Mental Health America (MHA) is celebrating some big policy wins in the latest guidance just released from the Centers for Medicare and Medicaid Services (CMS).

While the Substance Abuse and Mental Health Services Administration (SAMHSA) is the lead mental health agency which provides hundreds of necessary grants to nonprofit groups, most mental health services in the U.S. are paid for by Medicaid or Medicare under CMS.

The 21st Century Cures Act included many mental health provisions that MHA was instrumental in developing. Among these were provisions asking CMS to issue new guidance on how states could use the Medicaid program more creatively to pay for mental health services – not just the traditional medical services that Medicaid often covers.

After the 21st Century Cures Act was passed in 2016, MHA went a step further. In April 2017, we authored a letter with nine of the leading mental health advocacy groups that recommended areas that the CMS guidance should cover. After many months, CMS has finally released its new guidance.

We are pleased that the guidance includes many of our stated priorities and recommendations. It supports – and more importantly explains how states can pay for – now clearly Medicaid-eligible services, such as:

  • Peer support services integrated into multiple settings;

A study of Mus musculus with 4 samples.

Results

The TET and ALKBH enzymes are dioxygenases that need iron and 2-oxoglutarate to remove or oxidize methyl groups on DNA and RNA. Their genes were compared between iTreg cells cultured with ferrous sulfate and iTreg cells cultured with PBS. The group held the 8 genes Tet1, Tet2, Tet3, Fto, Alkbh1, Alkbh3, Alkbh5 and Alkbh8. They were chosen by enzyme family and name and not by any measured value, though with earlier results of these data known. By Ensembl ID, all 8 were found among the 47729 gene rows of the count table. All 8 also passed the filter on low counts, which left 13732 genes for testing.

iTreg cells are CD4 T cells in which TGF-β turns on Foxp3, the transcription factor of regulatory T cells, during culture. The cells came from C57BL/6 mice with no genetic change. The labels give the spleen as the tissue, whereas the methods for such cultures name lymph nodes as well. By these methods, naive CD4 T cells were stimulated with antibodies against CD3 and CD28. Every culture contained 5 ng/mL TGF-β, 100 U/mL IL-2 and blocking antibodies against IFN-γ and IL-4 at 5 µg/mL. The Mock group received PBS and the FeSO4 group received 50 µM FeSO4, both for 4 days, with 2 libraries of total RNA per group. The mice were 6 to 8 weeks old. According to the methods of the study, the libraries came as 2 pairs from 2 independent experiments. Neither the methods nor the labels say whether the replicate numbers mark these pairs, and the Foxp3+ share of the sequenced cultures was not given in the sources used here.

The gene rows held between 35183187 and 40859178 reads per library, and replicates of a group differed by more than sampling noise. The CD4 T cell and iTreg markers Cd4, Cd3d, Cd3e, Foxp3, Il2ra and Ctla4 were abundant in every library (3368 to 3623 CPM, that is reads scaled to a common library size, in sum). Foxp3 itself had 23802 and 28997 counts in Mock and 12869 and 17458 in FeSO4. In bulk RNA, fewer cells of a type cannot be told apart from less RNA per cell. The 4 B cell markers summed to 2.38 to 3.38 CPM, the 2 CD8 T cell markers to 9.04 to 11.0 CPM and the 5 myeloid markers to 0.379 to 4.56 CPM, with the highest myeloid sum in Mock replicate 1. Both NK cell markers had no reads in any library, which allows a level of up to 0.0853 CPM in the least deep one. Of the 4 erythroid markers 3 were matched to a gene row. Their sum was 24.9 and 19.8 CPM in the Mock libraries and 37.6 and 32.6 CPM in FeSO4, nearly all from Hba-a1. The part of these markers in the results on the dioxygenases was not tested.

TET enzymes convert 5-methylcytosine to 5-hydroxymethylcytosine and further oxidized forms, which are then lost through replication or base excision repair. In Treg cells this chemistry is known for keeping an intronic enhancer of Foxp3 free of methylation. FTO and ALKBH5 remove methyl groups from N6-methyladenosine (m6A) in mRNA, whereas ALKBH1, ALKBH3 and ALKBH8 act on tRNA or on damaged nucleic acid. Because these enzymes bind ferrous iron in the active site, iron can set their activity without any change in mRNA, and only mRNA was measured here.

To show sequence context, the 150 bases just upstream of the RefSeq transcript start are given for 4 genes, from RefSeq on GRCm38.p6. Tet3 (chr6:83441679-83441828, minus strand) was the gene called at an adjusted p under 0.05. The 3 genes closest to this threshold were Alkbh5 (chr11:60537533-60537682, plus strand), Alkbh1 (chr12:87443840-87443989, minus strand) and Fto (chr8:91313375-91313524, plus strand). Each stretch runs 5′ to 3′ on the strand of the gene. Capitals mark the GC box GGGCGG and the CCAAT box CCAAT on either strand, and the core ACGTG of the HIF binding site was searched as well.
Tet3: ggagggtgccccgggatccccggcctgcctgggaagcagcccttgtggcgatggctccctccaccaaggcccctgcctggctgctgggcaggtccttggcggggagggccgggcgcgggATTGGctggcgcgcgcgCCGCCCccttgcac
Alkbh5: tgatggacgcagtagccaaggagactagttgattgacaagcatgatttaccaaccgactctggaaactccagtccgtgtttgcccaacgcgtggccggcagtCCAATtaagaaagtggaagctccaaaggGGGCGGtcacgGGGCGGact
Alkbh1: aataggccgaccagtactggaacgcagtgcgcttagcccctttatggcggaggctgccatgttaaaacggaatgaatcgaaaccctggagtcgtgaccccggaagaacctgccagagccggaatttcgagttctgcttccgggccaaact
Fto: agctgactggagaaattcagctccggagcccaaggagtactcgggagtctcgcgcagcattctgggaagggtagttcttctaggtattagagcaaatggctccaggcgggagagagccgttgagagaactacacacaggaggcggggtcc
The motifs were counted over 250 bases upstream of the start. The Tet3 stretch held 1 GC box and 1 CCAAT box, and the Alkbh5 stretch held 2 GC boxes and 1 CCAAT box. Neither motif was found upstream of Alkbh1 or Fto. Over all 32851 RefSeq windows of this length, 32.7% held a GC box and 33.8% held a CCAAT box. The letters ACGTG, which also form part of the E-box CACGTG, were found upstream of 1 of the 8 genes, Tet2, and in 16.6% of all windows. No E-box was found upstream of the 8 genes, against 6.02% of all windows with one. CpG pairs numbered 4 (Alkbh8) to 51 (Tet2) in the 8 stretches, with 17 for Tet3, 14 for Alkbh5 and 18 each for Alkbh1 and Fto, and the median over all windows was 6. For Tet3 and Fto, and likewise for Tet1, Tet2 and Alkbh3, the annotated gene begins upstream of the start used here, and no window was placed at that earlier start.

• Early identification and intervention with integrated mental health care;
  • Outreach and engagement services;
  • Assertive community treatment and coordinated specialty care;
  • Crisis response services and call lines;
  • Mental health services in schools and coordinated care for children;
  • Supported employment and education; and
  • Integrated data systems and telehealth.

These are services MHA has advocated for decades, and their inclusion in the new CMS guidance is a huge victory for MHA, for other advocates, and for people who have been working in mental health advocacy. It means that the potential for additional funding is there, if the states pay attention to the guidance. It may go without saying, but we’ve got some plans for that!

In addition to these areas, the second part of the guidance also announced a new demonstration opportunity under Medicaid to pay for inpatient beds. Policy around inpatient beds has been a subject of controversy, but the guidance also reflects MHA's priorities in this area.

Not only is CMS requiring states to keep investing the same amount in community-based services when they apply for the demonstration to pay for more beds, but it also requires states to have a plan to improve the quality of early intervention and integrated care, crisis response services, and a continuum of care post-discharge - with measures in place for accountability to these goals. The thoughtful design of the demonstration makes this a real opportunity to meaningfully improve care across the spectrum for communities and people in need.

Even with these tremendous wins, MHA's work is not done. We look forward to working with advocates across the nation to begin fully implementing this guidance in the states. And we will continue to advocate for federal policies that further support what we already know works on the ground.